The birdseye pattern in wood is much like maple sugaring and fall foliage. We're familiar with it, we value it, and we know a tremendous amount about it. And yet, ultimately, it remains a mystery. For the better part of a century, wood scientists have been beating up on each other's explanations of what causes it. Hell, there isn't even agreement on how to spell it. I've seen it written as the simple possessive, "bird's eye" and I've seen it written as the hyphenated possessive, "bird's-eye." But I prefer yet another common spelling, the one-word elegance of "birdseye."

Birdseye is a relatively rare kind of grain pattern or figure resulting from localized distortions in the growth rings. Imagine using a dull number two pencil to push through the bark and into the wood of a tree. If you and the pencil were strong enough, this action might distort the growth rings, resulting in small, conical indentations protruding from the inner bark into the tree across several growth rings of wood. On veneer and plain-sawn boards, such indented growth rings appear as tiny burl-like structures that resemble birds' eyes. The distribution of birdseye within the tree varies considerably. It may be found through the entire bole and even in branches or it may be restricted to one side of the stem or in irregular patches scattered throughout. Birdseye is most commonly found in sugar maple wood but a similar pattern has also been described in other species including red maple, yellow birch, white ash, and black walnut.

So, scientists seem to agree that birdseye figure results from these conical indentations which result from wood fibers actually growing in different directions. What remains a mystery is why they do so.

Birdpeck has always been among the most popular hypotheses attempting to explain the cause of birdseye. But many wood technologists have described how woodpecker or sapsucker wounds in live tissue usually heal over, whereas birdseyes actually continue to grow into the tree. Another common but equally insufficient explanation is that birdseyes result from little eruptions of formerly dormant buds within the tree, buds that inexplicably sprouted into rather than out of the tree. But, if birdseyes were born of such wayward buds, they would - like all stems and branches - contain a dark central pith and, you guessed it, birdseyes have no pith.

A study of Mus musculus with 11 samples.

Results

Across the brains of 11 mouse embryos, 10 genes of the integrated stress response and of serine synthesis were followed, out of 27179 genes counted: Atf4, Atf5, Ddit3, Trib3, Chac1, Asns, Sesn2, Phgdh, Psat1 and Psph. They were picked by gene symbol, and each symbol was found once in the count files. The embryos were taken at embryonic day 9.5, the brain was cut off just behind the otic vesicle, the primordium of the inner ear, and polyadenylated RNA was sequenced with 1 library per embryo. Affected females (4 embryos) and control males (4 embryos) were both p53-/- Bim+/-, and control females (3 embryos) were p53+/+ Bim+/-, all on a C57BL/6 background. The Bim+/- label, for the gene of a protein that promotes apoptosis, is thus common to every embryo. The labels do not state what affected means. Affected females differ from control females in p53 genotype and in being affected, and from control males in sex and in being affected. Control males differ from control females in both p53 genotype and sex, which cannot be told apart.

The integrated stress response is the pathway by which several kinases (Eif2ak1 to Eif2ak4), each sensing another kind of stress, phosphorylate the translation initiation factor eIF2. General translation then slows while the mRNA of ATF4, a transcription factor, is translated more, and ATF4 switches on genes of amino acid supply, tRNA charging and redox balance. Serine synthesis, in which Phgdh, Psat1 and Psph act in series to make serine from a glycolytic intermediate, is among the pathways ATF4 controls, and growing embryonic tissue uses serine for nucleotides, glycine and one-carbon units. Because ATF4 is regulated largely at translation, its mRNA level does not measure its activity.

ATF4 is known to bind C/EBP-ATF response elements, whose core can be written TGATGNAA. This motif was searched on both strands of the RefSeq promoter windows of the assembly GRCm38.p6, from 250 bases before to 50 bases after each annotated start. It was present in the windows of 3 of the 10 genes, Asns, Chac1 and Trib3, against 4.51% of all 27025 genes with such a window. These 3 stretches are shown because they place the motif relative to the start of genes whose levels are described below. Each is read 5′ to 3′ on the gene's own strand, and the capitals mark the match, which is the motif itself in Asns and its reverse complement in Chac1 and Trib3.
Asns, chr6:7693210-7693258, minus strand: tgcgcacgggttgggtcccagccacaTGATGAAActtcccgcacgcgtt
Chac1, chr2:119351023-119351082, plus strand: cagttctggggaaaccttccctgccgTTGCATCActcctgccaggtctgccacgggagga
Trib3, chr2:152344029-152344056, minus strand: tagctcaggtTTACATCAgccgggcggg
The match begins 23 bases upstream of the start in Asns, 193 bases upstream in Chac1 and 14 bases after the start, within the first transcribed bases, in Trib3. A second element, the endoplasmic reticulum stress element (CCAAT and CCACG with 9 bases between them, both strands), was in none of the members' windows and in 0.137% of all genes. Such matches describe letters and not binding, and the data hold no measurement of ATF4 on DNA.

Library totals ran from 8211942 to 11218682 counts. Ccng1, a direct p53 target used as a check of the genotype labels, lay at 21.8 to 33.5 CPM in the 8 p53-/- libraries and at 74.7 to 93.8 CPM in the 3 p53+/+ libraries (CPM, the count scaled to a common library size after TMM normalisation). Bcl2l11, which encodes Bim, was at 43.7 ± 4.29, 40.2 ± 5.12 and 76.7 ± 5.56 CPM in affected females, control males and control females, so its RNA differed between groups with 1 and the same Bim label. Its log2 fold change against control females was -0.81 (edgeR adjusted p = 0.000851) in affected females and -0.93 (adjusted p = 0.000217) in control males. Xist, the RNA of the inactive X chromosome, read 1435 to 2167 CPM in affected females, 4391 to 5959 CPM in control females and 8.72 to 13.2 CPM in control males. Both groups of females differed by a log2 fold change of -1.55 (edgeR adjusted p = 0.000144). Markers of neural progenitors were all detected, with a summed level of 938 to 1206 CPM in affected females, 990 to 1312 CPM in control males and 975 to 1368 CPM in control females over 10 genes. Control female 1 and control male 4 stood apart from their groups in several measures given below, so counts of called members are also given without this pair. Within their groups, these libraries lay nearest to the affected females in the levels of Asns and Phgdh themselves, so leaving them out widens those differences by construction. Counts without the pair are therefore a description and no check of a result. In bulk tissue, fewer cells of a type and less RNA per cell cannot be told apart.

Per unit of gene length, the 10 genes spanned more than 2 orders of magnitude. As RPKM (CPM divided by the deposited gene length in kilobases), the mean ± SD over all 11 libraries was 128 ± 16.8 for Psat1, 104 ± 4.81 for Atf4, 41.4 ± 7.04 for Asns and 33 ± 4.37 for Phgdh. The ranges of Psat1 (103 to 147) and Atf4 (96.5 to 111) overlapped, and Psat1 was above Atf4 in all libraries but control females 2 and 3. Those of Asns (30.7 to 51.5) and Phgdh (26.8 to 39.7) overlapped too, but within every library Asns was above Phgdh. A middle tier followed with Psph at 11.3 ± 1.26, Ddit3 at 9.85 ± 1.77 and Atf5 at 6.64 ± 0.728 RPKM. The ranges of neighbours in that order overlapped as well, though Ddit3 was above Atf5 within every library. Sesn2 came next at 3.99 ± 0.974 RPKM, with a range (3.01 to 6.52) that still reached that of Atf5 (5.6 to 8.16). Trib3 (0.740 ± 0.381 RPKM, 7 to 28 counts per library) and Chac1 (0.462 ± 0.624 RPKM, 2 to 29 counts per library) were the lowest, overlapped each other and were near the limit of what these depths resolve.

Several more obscure explanations have been suggested over the years - from fungi deactivating the cambium to suppression early in a tree's life to soil texture and fertility - but none has been fully substantiated. The mystery lives.

Fortunately, most of us can still sleep not knowing. For now, we're content observing birdseye wood and the trees it comes from and the sites they grow on. We think that if we can make enough careful observations, we might be able to predict from exterior features which trees contain birdseye figure. After all, if logs from such trees are otherwise salable, and they contain significant amounts of birdseye figure, they can be worth even more money.

For my own fascination with this process, I blame and thank David Paganelli, Orange County Forester in east central Vermont. He did what most good foresters do: he took me for a walk in the woods and he changed the way I look at trees. In this case, it was sugar maple trees. He was showing me a stand in which he had supervised a logging job and as we scouted around looking at standing trees and examining stumps and remaining parts of cut trees, we found evidence of a surprising number of birdseye maple trees. We looked at bark patterns and colors. We looked at stem shapes and sizes. We assessed stocking and composition. All the while we tried to findcorrelations with birdseye.

I don't think we ever agreed on bark features, but I sure do see what Dave means about that "coke-bottle" shape of the tree's lower bole. Paganelli showed me how unlike the flared bottom of a "normal" sugar maple tree, some birdseye stems have a particular constriction just above the root flare -- much like the constriction between the bottom and the middle of the old-fashioned coke bottles.

Although the coke-bottle test is not foolproof, it is preferable to more invasive and damaging methods of looking for birdseye. While our woods certainly don't need marauding bands of hatchet-wielding birdseye hunters hacking away at perfectly good trees, we could all benefit from paying attention to cut logs and observing how outer appearances translate into interior wood features. We just might solve a mystery.

Michael Snyder is the Chittenden County Forester in Vermont.